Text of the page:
Tuesday, January 2, 2018

The Chrysler Airflow Car

Inspired by the streamlining being applied in the aircraft industry to the DC-3 and China Clipper, in the railroad industry to Pullman Company's M-10,000 diesel locomotive and Henry Dreyfuss' 20th Century Limited, in 1927 Chrysler engineer Carl Breer applied the same principles to car design.  His team even had input from Orville Wright, who recommend wind tunnel testing their models.  After some 50 experimental designs, the eventual result was the Airflow, offered in both the DeSoto and Chrysler names beginning in 1934. People either loved it or hated it, and mostly they hated it.  It was a huge sales flop, which could have ended Chrysler had the company not continued to offer its regular fare to the public. Nevertheless, it went on to inspire GM's "fastback" design seven years later, as well as Ferdinand Porche's Volkswagen.  The Airflow was discontinued in 1937.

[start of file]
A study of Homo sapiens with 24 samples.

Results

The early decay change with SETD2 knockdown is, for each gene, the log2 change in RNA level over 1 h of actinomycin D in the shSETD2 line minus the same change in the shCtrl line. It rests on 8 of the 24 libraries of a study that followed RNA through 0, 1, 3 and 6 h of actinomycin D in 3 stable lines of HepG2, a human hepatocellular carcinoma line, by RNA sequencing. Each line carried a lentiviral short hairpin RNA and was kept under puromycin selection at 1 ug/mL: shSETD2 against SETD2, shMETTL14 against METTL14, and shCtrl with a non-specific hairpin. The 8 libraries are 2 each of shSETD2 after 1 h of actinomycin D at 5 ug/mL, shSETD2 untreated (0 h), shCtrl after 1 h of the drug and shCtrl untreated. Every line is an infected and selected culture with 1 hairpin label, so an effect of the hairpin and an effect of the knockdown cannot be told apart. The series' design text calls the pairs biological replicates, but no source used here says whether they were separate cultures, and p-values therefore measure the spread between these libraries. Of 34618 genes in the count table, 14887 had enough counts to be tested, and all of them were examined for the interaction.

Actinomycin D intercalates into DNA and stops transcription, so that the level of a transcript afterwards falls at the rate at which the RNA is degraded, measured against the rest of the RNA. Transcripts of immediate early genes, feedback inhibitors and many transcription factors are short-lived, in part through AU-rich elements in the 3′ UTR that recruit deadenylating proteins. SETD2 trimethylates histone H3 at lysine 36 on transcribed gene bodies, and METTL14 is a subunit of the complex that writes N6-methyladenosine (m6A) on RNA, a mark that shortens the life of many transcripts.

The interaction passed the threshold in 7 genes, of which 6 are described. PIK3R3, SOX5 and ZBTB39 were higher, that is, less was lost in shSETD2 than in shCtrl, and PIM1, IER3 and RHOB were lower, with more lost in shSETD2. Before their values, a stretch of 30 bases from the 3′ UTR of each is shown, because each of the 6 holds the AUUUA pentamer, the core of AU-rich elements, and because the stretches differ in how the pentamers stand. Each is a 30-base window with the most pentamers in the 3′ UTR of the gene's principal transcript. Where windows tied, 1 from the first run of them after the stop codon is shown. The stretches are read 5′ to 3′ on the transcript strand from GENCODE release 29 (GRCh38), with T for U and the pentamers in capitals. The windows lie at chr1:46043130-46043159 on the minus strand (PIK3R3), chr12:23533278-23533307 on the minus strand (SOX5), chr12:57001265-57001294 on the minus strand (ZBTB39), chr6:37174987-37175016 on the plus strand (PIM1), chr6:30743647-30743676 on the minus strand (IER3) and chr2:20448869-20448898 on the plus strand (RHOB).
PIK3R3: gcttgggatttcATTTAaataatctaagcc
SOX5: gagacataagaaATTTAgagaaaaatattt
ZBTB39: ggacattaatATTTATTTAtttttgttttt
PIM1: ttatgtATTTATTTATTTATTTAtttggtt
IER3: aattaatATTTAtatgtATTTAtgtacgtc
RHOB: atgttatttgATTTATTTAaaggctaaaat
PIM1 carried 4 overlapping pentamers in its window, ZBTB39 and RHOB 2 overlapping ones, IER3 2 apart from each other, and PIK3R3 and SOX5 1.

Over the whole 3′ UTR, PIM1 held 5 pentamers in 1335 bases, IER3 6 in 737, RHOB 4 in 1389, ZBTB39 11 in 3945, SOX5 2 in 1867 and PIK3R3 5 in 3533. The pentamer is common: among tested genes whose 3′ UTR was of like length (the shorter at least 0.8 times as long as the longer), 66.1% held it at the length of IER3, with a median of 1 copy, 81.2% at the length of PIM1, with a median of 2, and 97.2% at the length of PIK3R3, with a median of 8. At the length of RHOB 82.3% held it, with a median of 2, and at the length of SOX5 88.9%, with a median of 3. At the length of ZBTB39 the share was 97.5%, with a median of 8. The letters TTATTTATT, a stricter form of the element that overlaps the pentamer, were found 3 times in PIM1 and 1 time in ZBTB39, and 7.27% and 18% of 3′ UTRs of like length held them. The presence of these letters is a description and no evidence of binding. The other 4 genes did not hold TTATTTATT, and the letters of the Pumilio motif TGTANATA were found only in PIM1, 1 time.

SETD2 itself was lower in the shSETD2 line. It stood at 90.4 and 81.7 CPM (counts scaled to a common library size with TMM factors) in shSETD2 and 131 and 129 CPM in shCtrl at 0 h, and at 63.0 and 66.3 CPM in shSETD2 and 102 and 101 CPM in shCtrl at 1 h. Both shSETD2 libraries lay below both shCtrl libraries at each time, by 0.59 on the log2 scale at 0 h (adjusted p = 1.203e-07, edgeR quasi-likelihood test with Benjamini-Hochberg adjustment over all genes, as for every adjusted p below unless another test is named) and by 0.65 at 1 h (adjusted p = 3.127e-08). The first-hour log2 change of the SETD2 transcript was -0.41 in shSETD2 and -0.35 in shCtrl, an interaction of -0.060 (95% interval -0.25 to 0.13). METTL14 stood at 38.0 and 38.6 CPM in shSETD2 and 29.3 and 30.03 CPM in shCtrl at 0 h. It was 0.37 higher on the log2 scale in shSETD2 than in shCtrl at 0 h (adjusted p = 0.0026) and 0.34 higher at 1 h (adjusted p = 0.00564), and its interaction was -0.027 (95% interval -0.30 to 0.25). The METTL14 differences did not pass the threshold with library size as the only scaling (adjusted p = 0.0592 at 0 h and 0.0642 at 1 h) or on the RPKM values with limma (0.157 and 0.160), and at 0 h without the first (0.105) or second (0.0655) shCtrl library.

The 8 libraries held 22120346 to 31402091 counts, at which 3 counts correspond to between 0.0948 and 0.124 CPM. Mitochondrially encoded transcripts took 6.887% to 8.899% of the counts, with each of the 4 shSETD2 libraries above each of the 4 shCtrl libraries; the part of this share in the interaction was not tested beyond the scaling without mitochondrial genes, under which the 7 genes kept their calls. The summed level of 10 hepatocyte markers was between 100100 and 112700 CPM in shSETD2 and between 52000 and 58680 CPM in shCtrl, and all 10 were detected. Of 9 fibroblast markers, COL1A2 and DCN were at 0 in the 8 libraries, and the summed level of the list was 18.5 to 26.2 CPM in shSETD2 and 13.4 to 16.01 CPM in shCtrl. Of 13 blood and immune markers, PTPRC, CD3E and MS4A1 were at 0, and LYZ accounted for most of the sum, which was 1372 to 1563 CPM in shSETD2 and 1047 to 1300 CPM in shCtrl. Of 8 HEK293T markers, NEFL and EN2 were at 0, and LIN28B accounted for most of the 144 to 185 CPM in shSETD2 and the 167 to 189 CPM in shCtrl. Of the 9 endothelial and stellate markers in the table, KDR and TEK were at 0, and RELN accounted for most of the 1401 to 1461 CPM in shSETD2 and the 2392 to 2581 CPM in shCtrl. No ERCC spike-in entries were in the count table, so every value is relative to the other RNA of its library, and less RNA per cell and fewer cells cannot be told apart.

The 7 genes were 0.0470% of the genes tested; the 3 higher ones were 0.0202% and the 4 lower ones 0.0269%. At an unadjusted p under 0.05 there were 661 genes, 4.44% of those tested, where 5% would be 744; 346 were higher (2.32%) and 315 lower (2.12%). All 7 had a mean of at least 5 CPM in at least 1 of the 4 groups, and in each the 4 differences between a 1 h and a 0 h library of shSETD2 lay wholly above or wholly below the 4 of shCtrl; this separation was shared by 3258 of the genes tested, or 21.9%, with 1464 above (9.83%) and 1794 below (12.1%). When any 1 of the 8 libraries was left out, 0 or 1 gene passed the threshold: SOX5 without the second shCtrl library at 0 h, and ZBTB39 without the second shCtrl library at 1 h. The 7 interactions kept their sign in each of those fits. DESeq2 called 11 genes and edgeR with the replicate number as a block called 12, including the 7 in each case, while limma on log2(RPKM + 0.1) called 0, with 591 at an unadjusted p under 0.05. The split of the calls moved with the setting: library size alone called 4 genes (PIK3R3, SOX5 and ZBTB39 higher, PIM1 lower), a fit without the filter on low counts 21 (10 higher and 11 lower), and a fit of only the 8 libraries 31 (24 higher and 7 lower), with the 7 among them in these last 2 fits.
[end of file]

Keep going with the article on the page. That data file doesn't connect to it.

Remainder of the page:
R. Buckminster Fuller's Dymaxion, first shown at Chicago's 1933/34 World's Fair, was another ultimately unsuccessful example of automotive streamlining.

Another interesting aspect to the Airflow design involved Breer's analysis of the gait at which the human body seemed most comfortable--80 to 100 steps per minute.  He concluded that the up-and-down movement of the car should be kept within the same range by adjusting the springing.

Taken from Howard S. Irwin, The History of the Airflow Car. Scientific American, August 1977.

I've uploaded the short article here.